Kyle Bass is a hedge fund manager. Hedge funds involve unusually risky investments, based on borrowed money. A more traditional investor can start off with $1 million dollars to invest, and might, if the investment is bad, end up with nothing. A hedge fund manager can start off with nothing, and end up $1 million in debt.
Kyle Bass graduated from Texas Christian University in 1992 with a BA in Finance, and has been immersed in the high stakes world of global finance and investment ever since. He started with Prudential Securities, then moved to Bear Stearns (where he got into hedge funds), then worked for Legg Mason, Inc., before he founded his own hedge fund, Hayman Capital, in 2006.
He soon burst into a global spotlight in the financial and hedge fund world by anticipating the subprime mortgage crisis in 2006 and 2007, investing millions of dollars in credit default swaps. When mortgage based securities went into default in great numbers starting in 2007, Hayman Capital made huge profits from those credit default swaps. It also profited from the economic difficulties in Greece in 2012, and Japan in 2013.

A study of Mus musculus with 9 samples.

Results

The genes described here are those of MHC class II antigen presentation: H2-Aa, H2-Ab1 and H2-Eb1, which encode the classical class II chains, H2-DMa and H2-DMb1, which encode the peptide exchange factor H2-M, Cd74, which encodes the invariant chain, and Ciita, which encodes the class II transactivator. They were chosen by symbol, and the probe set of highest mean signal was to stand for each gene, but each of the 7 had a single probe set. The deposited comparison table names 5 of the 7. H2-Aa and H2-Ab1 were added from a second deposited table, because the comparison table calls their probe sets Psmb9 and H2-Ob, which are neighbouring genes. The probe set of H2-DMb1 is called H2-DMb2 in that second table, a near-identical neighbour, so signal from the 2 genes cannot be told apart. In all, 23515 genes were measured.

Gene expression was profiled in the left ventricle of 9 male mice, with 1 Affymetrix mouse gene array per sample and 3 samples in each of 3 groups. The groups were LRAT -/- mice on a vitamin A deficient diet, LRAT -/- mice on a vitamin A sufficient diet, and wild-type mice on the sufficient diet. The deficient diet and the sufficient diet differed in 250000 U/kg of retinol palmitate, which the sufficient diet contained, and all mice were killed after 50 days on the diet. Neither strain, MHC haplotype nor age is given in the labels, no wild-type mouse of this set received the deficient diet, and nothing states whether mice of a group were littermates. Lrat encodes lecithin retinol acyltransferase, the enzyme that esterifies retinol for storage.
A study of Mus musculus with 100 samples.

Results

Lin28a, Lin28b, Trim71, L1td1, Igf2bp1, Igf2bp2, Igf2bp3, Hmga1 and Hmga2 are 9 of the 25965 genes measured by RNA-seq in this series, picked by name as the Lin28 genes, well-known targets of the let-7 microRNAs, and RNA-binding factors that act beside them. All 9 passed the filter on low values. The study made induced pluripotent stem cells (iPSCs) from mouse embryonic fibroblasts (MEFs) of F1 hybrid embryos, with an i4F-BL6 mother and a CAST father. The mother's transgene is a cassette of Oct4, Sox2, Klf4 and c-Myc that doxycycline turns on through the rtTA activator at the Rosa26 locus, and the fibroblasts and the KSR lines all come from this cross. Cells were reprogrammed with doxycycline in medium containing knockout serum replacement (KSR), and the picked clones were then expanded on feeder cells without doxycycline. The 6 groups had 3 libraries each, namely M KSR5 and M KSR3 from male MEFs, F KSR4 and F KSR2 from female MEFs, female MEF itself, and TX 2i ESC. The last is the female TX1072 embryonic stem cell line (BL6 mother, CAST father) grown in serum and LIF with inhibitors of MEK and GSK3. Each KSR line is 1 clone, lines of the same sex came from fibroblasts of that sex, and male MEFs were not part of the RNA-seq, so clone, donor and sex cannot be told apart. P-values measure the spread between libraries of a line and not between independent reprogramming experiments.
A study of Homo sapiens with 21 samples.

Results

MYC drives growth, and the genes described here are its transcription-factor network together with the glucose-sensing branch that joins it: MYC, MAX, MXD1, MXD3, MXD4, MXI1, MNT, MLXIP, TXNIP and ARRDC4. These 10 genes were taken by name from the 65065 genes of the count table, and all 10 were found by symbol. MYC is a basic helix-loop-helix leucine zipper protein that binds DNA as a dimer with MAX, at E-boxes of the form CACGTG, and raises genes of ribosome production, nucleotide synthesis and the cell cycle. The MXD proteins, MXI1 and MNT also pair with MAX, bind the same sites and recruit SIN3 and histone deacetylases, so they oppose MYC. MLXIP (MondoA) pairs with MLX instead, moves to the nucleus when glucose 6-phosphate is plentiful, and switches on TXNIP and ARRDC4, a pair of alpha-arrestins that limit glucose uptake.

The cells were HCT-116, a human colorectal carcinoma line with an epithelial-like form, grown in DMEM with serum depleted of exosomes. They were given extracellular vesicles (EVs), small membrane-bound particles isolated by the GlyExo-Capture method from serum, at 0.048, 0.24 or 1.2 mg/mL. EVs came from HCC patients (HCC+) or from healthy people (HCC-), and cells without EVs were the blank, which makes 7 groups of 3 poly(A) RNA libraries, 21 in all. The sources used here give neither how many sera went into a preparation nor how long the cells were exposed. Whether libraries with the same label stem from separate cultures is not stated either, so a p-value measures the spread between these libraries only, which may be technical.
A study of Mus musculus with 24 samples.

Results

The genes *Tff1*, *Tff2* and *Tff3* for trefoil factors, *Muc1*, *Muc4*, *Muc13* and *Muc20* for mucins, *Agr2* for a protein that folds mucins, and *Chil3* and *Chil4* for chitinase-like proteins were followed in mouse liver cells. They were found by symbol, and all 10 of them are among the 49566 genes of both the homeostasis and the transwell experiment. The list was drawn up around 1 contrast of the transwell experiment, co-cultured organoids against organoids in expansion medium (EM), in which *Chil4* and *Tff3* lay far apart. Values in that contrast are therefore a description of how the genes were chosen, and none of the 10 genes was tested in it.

But recently Bass’ luck has turned bad. A major GM stock holder, he suffered when GM was hit by the scandal involving defects in its autos that disabled their airbags. Hayman Capital has placed large and possibly losing bets on the economy of Argentina, and the price of oil. He has become a major (and isolated) defender of the leftist and probably corrupt regime of Cristina de Kirchner in Argentina, for which (it is suspected) he has been rewarded handsomely by that regime.
In spite of those possible payoffs from de Kirchner, 2014 and 2015 have been bad years for Bass. To tide him over, he has formed the Coalition for Affordable Drugs. He short sells the stocks of pharmaceutical firms, that is, he places a “bet” of sorts that those stocks will become cheaper. Then the Coalition files law suits against those firms, claiming that their patents for important drugs are illegitimate. Voila!
Most recently, Bass claims that the China is in for a “hard landing” because of a looming banking crisis. China’s GDP is $10 trillion. There are $31 trillion dollars in its banking system. According to Bass, “emerging markets should never have 300% of GDP on their books.” What will happen to China as a result?